This blog describes research involving the University’s Hospitality and Accommodation Services and Birmingham researchers from the EPSRC-funded iBUILD project, into a process aimed at satisfying students desire to live sustainably on campus, while at the same time capturing as wide a range of value for all stakeholders as possible.
Looking back through The Big Conversation’s most recent blogs, it is interesting to see the wide range of perspectives that authors have adopted. One thing that comes through clearly in many of the blogs, however, is the need to listen to students and build their needs into an approach to education that delivers both for them and for the University. This is something that Birmingham University’s Hospitality and Accommodation Services (HAS) has been working on over the past year or so with regard to sustainability.
HAS looks after student accommodation, among other things. Naturally, HAS surveys students who stay with them, to find how accommodation services can be developed to meet emerging aspirations. Feedback in 2015 indicated the need for closer attention to sustainability aspects of campus life. HAS responded with the ‘Green Community’ initiative, which was launched in autumn 2016. The Green Community is currently based on the Centre Court hall of residence; it offers a unique living arrangement for those undergraduates who have the desire to learn about sustainability and the enthusiasm to live in a way that supports the environment. Students who choose the Green Community are given the opportunity to develop their own ideas for initiatives and activities that promote a sustainable lifestyle.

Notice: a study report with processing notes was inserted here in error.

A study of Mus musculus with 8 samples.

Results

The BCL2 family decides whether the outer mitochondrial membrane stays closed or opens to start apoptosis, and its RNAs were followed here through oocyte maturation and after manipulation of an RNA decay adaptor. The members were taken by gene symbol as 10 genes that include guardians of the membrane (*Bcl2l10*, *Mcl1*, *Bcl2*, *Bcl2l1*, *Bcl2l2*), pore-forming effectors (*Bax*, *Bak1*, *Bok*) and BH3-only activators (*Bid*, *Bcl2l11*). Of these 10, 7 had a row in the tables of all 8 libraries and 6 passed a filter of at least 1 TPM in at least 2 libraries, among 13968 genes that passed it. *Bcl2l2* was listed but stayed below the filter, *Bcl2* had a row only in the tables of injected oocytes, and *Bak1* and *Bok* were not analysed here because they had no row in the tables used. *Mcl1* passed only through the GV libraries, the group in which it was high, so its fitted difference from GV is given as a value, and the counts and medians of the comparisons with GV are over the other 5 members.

The Green Community has been a great success from the word go; however, as currently configured, its reach is quite narrow. HAS now wants to roll the initiative out more widely across campus, but this will need greater clarity about what new value will be captured. A systems-thinking approach is required: one that identifies the interfaces the Green Community has, or could have, with the University’s operations as a whole, and explores the extent to which each interface offers an opportunity for value capture. Researchers on the iBUILD project have been applying systems-thinking to explore development of alternative business models for local infrastructure. They are now working with HAS to apply the approach to development of the Green Community initiative
Early results from the research indicate a plexus of issues with the potential to generate value. Examples include opportunities to feature sustainability more strongly in taught courses; and opportunities to build the campus curriculum, linking taught courses with initiatives the University is pursuing on issues such as transport, catering and waste management, in the delivery of its environmental policy. A series of focus groups are due to take place over the next few weeks, involving students, academics, University facilities managers and the University’s suppliers, to explore these links in more detail and identify the value attached to each. Further work will be required to create the Green Community ‘business models’ that will spell out how value is actually to be captured.
The process is not just for the Green Community; it could be usefully applied more widely on campus to maximise value capture through the integration of formal, informal and campus curricula with student aspirations and implementation of the University’s environmental policy.